Those that know me, know that I have a legendary hatred of cabs and cab drivers. The hassle of getting the attention of one, the confusion of pricing, the wild out-of-the-way routes, the maddening lack of credit card scanners, and the fact that many cab companies work to actively restrict competition and innovation that would reduce costs and make the experience better for riders. It's almost always easier for me to just take MetroRail or MetroBus than to deal with the hassle.
So by the time I heard Uber CEO Travis Kalanick give his keynote speech at Digital Capital Week 2012, I was already sold. I quickly added the Uber app to my new smartphone and Uber has saved me on more than a few occasions. It is one of the coolest and smartest companies around, they deserve all the success they have achieved and more.
The Uber DC team is pretty cool too. One late Saturday night when I took a weekend metro ride from a happy hour in Ballston to Metro Center, I tried out Uber's new UberTaxi, a version that calls a cheaper regular taxi instead of the usual classy black sedans. The system couldn't find one available. No bother, noticing that everyone else around was having no luck getting ANY cabs at all, I just hoped on the X2 bus to my next destination, a party on H-Street NE.
So I was thrilled when (out of the blue) I got an email a few days later from the Uber DC community team apologizing for the lack of taxis and offering a $10 credit to my account.
All this is just to say that Alex Priest, Amy, and the rest of the Uber DC community crew are a top-notch crew.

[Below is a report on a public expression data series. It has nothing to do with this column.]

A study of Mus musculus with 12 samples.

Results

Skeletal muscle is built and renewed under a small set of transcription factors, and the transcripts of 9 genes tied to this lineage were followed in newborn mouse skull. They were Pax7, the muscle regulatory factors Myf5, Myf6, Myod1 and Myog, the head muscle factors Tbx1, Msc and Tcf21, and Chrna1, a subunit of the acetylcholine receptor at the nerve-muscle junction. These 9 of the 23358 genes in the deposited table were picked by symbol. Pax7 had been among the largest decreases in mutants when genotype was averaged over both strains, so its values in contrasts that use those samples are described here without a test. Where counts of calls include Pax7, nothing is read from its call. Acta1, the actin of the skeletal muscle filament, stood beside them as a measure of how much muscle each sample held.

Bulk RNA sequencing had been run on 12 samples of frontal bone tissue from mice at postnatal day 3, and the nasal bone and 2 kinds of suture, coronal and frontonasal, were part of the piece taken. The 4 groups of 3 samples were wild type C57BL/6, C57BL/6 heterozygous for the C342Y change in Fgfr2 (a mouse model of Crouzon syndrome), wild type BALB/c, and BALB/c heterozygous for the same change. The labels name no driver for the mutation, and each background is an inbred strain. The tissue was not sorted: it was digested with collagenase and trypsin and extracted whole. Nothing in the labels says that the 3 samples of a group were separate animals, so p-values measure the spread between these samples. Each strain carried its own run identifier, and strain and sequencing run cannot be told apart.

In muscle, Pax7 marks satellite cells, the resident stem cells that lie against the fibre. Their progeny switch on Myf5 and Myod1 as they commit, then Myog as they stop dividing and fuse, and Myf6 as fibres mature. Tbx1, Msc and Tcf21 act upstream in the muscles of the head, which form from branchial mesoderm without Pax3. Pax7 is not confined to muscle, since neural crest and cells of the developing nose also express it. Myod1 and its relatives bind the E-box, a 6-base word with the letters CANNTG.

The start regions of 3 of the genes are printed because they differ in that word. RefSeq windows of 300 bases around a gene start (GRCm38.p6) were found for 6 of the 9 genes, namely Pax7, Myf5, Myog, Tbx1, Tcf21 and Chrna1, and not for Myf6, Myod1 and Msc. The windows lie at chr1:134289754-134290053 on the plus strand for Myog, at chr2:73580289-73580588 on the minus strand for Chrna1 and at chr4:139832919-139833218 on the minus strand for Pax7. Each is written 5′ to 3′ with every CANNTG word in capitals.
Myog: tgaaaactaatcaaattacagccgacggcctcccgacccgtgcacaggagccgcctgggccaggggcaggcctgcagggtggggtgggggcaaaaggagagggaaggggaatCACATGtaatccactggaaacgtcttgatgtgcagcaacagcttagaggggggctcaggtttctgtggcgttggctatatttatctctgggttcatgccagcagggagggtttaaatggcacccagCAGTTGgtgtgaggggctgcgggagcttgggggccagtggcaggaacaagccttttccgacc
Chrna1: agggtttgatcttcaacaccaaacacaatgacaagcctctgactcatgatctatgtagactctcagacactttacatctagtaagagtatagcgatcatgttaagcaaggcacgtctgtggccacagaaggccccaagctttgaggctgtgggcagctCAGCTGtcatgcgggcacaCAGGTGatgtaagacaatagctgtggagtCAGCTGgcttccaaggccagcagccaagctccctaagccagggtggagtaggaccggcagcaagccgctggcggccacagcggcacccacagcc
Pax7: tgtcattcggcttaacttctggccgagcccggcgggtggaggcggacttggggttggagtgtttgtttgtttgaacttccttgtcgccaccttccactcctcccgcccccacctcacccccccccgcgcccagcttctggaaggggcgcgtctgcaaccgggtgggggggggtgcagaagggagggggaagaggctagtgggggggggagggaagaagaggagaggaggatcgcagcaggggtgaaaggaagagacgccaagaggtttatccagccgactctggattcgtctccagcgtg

Which is why I'm so surprised they don't do the "first-ride" offers a little better.
You see, the Uber crew is highly skilled and relentless about getting involved with events around DC. For months, it seems like everything I go to has an Uber offer, yet they all share one similar feature. When I took part in the 2013 Cupid's Undie Run, there was a code for $20 for new Uber users. When I headed to the Social Media Week closing party, another code for $10 for new Uber users. When I headed to American University for the 2013 Social Learning Summit, another code for $20 for new Uber users. I have a bunch of friends that go to Balance Gym, guess what, they too get a $20 code for new Uber users.
So a "tip of the hat" to Uber for really getting the brand out there. They can sometimes seem to be everywhere. But a "wag of the finger" to Uber for forgetting that people that go to a DC event, are usually people that go to A LOT of DC events. And constantly seeing the "first ride" promos can get repetitive.
Everyone I know already uses Uber. I have zero idea what to do with my growing collection of Uber black promo cards (Uber ninja stars?).
For Uber, I'd offer two pieces of advice.
- No one blames Uber for going after new business, but every once in awhile throw out a promo that's good for long-time users. Just to say "We love you guys and we haven't forgotten about you."
- Make the event promo codes good for everyone. Either use some programming magic to make the codes give the full discount to new riders and a reduced discount for current customers. Or, if that's too tough, also announce a second code that will work for current customers.
The trick here, the discount for current customers does not have to be high, it could be $1, it just has to be something. That single dollar could be the difference between someone taking Uber to an event or not, or the single factor to prevent thoughts of "Uber only cares about new business."
I think it's a WIN/WIN, because at the end of the day, the goal for Uber should be not for first-time riders to take Uber to an event, but for EVERYONE to take Uber to an event - with a line of black sedans dropping people off. That's groundswell. That's everyone in a party all talking about their Uber trips, building that word of mouth that made Uber a household DC name in the first place.